Dangerous drug 'Molly' on the streets of Charlotte - WBTV 3 News, Weather, Sports, and Traffic for Charlotte, NC

Dangerous drug 'Molly' on the streets of Charlotte


A dangerous club drug is hitting the streets of Charlotte - and landing young people in the hospital. In fact you may not have even heard it: "Molly" Or, maybe you know it by another name: Ecstasy.

Our police sources say there have been several cases of overdoses on the drug in the past month in the Charlotte area. None have been fatal -- yet.

Anna Dulaney, a toxicologist with the Carolinas Poison Center said they have seen an uptick in calls, mostly from doctors in the ER.

"We are seeing some spikes in calls to the poison center about it's use and even just questions about what it is and what's in it and what kind of symptoms does it cause," she said.

The most common symptoms of "Molly": a rapid heart beat, agitated behavior and high body temperature.

But what makes "Molly" so dangerous is that it's often mixed with other drugs -- like bath salts. That's when using it can be deadly.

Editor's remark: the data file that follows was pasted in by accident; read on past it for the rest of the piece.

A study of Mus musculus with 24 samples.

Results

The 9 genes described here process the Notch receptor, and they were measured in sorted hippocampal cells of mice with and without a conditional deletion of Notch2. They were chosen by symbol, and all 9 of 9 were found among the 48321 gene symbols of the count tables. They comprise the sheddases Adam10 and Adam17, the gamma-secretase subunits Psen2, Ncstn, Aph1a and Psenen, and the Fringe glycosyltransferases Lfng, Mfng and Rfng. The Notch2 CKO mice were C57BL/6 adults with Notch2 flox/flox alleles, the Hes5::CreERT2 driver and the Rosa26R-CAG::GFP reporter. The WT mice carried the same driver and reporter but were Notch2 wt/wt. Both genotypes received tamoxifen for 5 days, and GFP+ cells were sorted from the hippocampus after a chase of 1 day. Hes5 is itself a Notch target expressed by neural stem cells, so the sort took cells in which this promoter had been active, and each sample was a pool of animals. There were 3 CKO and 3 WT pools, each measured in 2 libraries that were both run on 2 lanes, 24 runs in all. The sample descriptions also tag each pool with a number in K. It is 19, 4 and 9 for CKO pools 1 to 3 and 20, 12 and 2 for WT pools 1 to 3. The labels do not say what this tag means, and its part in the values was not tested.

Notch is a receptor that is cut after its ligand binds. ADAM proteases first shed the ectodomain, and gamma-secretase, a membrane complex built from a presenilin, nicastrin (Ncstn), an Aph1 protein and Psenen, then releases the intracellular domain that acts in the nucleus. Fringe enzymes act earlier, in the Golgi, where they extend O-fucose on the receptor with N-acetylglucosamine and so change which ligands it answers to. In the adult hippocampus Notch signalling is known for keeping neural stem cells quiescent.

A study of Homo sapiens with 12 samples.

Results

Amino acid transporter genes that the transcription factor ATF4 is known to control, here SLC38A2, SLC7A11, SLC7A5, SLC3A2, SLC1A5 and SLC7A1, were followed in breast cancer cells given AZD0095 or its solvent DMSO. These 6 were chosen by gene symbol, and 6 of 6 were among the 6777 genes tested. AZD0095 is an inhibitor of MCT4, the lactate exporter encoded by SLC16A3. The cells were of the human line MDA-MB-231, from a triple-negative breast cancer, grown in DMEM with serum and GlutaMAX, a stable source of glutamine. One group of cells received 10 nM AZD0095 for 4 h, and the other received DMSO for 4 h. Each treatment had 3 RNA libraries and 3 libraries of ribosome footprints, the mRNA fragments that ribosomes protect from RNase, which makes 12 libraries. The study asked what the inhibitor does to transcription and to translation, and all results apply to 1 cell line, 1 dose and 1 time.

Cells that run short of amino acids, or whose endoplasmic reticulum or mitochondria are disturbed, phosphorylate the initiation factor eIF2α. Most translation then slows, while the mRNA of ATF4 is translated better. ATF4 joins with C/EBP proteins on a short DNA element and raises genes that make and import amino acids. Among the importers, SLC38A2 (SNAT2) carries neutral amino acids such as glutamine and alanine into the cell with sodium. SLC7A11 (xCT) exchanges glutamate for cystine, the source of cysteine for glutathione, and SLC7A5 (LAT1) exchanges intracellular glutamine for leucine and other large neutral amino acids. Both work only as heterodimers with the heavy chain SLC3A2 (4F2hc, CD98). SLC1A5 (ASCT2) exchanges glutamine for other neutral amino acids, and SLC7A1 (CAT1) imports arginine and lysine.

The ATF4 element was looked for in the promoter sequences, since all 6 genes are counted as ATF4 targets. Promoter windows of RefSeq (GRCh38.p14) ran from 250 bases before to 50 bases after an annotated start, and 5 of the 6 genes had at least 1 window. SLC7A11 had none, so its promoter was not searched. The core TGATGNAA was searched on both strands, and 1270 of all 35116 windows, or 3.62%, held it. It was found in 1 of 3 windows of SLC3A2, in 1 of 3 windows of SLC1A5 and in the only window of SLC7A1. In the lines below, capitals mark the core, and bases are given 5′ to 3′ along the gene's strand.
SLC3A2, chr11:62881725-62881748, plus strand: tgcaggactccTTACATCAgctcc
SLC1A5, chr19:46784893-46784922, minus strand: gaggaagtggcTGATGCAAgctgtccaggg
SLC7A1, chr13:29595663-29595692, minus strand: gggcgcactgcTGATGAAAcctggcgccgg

"The amount of sodium in the body can get way too low with this drugs and again, that can cause the seizures and the death," said Dulaney.

What really puts the danger in perspective? The message being sent to teens by some of today's biggest stars glorifying the drug. Miley Cyrus for example. Her latest song, "We Can't Stop" talks about "dancing with Molly" in the explicit version.

"They like to be like them," she said. "They have their favorites."

It's why Dulaney says parents need to have some open and honest conversations with their teen.

"If you got a teenager, to talk to them about their favorite music stars and what the lyrics of those songs might mean," she implored. "Talk to them, ask them questions if they really understand what this drug is."

Dulaney also said that some researchers have found the drug effects girls more than boys. The theory behind it? Because girls dance more at parties, their body temperature is already elevated and can make the symptoms of "Molly" more severe in females.